Industrial Hygiene & Occupational
Ashland has a state-of-the-art Industrial Hygiene and Occupational Health (IH and OH) Program that establishes the requirements and responsibilities for industrial hygiene and medical surveillance programs at all Ashland facilities. This program contains all the requirements and programs that we will use, on a global basis, to manage and control employee exposures to chemical, physical, and biological hazards. These programs include the following subjects:
o Employee Exposure and Risk Assessment
o General Chemical Hazards
o Chemical Specific Hazards
o Active Pharmaceutical Ingredients
o Physical Hazards
o Biological Hazards
o Engineering Controls
o Personal Protective Equipment
o Respiratory Protection
o Medical Surveillance
Industrial Hygiene and Occupational Health are complex topics, and our facilities are also responsible for identifying and complying with all applicable regulatory requirements that apply to them at their local sites. We have Environmental, Health and Safety (EHS) subject matter experts (SMEs) that help assist these facilities as needed to comply with these local requirements, as well as those of Ashland. When Ashland’s requirements are stricter, we apply these regardless of the location’s local rules.
As part of Ashland’s Occupational Health program requirements, each facility is required to appoint a Coordinator who works with IH and OH SMEs to comply with specific standard requirements, such as exposure assessments and medical examinations. Each Facility Coordinator receives training provided by Ashland’s SME staff and outside sources to ensure that they have the technical knowledge to properly apply the requirements of Ashland’s IH and OH program.
Part of our program requires a comprehensive review of each functional area to determine effectiveness. This is done on an annual basis. It is accomplished in a number of ways, most commonly through external auditing or self-assessments.
Ashland’s IH and OH program requires that each facility have a documented process in place to evaluate workplace exposures to chemical, physical, and biological hazards. The employee exposure and risk assessment process includes, but is not limited to:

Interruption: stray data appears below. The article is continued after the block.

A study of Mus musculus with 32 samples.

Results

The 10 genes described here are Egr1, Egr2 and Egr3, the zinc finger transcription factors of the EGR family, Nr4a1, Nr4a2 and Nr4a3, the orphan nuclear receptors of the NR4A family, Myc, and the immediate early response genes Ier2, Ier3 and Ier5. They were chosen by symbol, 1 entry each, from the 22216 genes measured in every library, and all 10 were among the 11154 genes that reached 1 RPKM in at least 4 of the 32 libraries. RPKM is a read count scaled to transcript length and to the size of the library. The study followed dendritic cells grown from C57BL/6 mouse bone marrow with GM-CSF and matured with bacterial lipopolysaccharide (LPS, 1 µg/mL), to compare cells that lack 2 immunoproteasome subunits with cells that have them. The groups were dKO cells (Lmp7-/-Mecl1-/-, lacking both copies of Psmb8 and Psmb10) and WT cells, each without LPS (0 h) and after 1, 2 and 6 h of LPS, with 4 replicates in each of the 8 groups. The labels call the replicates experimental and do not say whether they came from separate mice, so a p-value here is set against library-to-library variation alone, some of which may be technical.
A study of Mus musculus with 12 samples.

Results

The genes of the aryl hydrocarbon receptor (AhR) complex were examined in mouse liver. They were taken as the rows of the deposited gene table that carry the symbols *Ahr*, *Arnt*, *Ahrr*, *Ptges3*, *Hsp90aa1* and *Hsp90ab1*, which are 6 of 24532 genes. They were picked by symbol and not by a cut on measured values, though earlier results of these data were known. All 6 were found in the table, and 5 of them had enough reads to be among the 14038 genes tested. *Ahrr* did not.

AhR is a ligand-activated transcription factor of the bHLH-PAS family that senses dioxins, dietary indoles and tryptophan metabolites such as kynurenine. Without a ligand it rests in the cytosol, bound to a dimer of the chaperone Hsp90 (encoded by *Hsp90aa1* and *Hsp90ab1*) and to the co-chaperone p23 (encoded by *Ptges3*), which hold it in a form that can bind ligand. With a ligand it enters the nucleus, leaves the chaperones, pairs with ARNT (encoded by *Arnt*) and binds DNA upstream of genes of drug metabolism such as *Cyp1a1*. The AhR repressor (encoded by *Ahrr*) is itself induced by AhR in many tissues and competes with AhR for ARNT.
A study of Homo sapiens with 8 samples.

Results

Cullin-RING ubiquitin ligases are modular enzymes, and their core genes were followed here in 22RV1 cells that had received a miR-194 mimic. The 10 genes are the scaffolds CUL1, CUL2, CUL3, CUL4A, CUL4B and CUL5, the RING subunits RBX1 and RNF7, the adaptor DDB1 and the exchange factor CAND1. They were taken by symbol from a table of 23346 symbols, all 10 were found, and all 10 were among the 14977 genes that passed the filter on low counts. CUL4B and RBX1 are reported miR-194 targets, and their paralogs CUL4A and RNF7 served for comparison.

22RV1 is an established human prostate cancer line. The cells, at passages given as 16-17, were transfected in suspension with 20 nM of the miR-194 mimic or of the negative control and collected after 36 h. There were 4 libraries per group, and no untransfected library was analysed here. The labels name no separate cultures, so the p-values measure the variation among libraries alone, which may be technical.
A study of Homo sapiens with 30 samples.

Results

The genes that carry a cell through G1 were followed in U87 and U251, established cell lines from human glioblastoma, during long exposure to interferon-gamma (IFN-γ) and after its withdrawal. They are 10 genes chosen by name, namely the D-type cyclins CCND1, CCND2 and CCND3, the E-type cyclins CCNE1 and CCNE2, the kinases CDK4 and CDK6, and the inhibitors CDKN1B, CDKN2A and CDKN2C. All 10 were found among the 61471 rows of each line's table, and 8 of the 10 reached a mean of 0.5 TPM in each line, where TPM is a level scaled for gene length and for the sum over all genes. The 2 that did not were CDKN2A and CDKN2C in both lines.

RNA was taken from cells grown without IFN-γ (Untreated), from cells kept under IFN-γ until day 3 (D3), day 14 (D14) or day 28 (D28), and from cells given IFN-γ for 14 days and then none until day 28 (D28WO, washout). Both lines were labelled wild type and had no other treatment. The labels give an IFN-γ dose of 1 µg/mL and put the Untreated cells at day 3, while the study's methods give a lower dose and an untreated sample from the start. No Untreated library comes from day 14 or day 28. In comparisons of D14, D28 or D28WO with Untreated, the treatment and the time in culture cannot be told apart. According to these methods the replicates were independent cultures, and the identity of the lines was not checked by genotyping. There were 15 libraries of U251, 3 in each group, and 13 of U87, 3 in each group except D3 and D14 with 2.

o A qualitative exposure and risk assessment that is used to determine if further evaluation is necessary
o A quantitative exposure assessment is required if the qualitative risk assessment identifies any concerns; this includes a monitoring plan and designated frequency for re-monitoring
o All analyses of samples are required to be performed by American Industrial Hygiene (AIHA) accredited laboratories; in cases where samples are taken outside the Unites States and no AIHA accredited lab is available, the local government recommended laboratories are utilized
o A process for the introduction of new chemical, biological, and physical hazards into the workplace
o A process for notifying facility employees of changes to the IH and OH programs in accordance with Ashland’s Management of Change Standard; potential changes could include introduction of new hazards in the workplace, new processes, changes in regulations, and changes in applicable occupational exposure limits (OELs)
These qualitative and quantitative exposure assessments of chemical, physical, and biological hazards are completed by qualified professionals.
One of the foundations of Ashland’s Industrial Hygiene program is the requirement that the lowest available Occupational Exposure Limit (OEL) be used for exposure assessments. These limits can be found from these various organizations:
o The local regulatory authorities
o T he American Conference of Governmental Industrial Hygienists (ACGIH) Threshold Limit Values (TLVs)
o The American Industrial Hygiene Association Workplace Environmental Exposure Level (WEEL)
o An OEL that has been developed by Ashland’s EHS department
o An OEL that has been developed and provided by the raw material’s supplier and has been approved by Ashland’s EHS QRA department
o An OEL for a surrogate substance, that has similar toxicological effects, may be used when no OEL is available for the substance being evaluated
Ashland also follows the hierarchy of controls to reduce and eliminate employee exposures to chemical, physical, and biological hazards; in the following order:
o Elimination of the hazard whenever possible
o Substituting a less hazardous substance or process when appropriate
o Implement engineering controls to reduce the hazard
o Implement administrative controls such as worker rotation
o Implement personal protective equipment
o Employee personal exposure assessment results shall be communicated in writing to impacted employees, in accordance with local regulations, and documented in facility files
Finally, Ashland communicates results of all sampling and assessments to employees, in writing. We have a defined process for sharing these results and storing records in accordance with government regulations.
And while we applaud the achievements of the sites that have already achieved zero workplace injury incidents, we continue to focus on the remaining sites to drive toward our goal of zero incidents company-wide while sustaining the performance of those that have reached zero.